Subsurface Utility Engineering (SUE)

Counter to what many think SUE is not simply mapping “Locate” marks. 

Subsurface Utility Engineering (SUE) refers to a branch of engineering that involves managing certain risks for a project through application of the following:

  • Mapping (collecting and depicting) utilities at appropriate quality levels in accordance with ASCE/CI 38-02
  • Coordination between project owners, project designers and utility operators to resolve conflicts between utilities and projects,
  • Condition assessment of utilities within the project area and
  • Ensure communication of utility data to all concerned parties,
  • Estimate cost to move or relocate utilities,
  • Implementation of utility accommodation policies,
  • And utility design if relocation or movement is required.

Our specialty is reducing project costs through the implementation and coordination of SUE.  We have a track record of providing those services for various civil projects in the Western and Midwest United States.

Consider that the relocation (moving) of a utility to avoid a conflict with proposed structures, earthen works, or other facilities can be quite costly.

In the case of a gas mains and transmission pipelines or hazardous liquids pipelines the moving of that facility requires the utility to comply with several federal regulations.  Costs can escalate rapidly.  In such cases moving of the utility should only be considered as a last option as it is commonly the most costly approach for resolving a utility conflict associated with a civil project.

The application of Subsurface Utility Engineering (SUE) during the design/pre-bid phase of a project has proven to be an extremely cost effective approach to addressing and resolving utility conflicts, often without requiring a utility to be moved.

Without the application of SUE during the design phase of a project, utility conflicts often result in disagreements between contractors and utility companies during construction.

Far worse is when utility conflicts result in damaged utilities, injury, and/or death.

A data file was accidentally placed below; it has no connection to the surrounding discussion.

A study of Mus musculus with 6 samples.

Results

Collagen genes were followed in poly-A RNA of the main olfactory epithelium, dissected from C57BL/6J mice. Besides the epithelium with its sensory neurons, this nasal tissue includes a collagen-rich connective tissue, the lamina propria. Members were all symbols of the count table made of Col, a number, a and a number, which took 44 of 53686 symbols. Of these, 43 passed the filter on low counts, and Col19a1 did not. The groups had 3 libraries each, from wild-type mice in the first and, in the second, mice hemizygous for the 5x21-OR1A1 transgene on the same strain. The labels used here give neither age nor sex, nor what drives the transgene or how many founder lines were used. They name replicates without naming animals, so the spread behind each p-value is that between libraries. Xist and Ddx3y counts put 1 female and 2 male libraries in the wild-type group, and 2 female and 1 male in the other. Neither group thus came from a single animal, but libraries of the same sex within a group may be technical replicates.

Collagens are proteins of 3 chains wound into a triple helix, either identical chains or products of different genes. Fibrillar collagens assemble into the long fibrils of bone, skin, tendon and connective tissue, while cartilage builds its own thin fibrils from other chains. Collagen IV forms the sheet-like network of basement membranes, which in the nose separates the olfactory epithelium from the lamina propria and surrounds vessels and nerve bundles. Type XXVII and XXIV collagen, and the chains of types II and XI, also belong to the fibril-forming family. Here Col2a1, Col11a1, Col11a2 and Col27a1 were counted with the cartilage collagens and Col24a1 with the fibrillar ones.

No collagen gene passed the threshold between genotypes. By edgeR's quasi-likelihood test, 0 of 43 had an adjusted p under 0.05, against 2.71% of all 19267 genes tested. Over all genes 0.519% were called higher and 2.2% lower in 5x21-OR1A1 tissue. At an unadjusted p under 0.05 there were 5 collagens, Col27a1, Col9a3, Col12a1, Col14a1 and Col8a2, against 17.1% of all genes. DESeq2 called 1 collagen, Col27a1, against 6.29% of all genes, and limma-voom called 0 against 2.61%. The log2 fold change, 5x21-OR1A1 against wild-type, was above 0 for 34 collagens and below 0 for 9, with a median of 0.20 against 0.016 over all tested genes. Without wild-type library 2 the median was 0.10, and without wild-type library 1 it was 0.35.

Generally utility conflicts that only become known during the construction phase of a project, will at a minimum cause time delays, injury or damage, and or litigation.

With the application of SUE, conflicts are resolved during the design/pre-bid phase of a project instead of during construction.

UMS’s Strategic Approach

We collect and depict existing subsurface utilities in accordance with Standard CI/ASCE 38-02, a widely excepted standard for design and construction.

SUE is also a best practice that is being promoted by many organizations including: FHWA, Common Ground Alliance, APWA, Office of Pipeline Safety, and many city and state transportation departments.

UMS approaches SUE in a phased approach.

Our SUE Phase I operations for a project, also referred to as utility designating or the Quality Level (QL) B mapping effort, is generally meant to provide designers a plan view map of existing utilities based on records research, field investigation, and geophysical survey methods.  Data obtained during Phase I efforts are then used to initially identify utility conflicts and develop a utility conflict matrix.

The Phase II investigation primarily consists of 3D mapping of QL B data obtained with specialized geophysical exploratory methods (e.g., Spar 300, ground penetrating radar) and with discrete QL A vacuum excavated test holes of utilities.  Data obtained through Phase II efforts is then added to the utility conflict matrix for use in Conflict Resolution Workshops with utilities and designers.

Phase III is then comprised of a coordinated effort to engineer resolutions to utility conflicts which often result in the development of master and supplemental agreements between designers, project owners, and utility operators.

The oversight during construction to insure that all agreed to utility conflict resolutions are adhered to is Phase IV.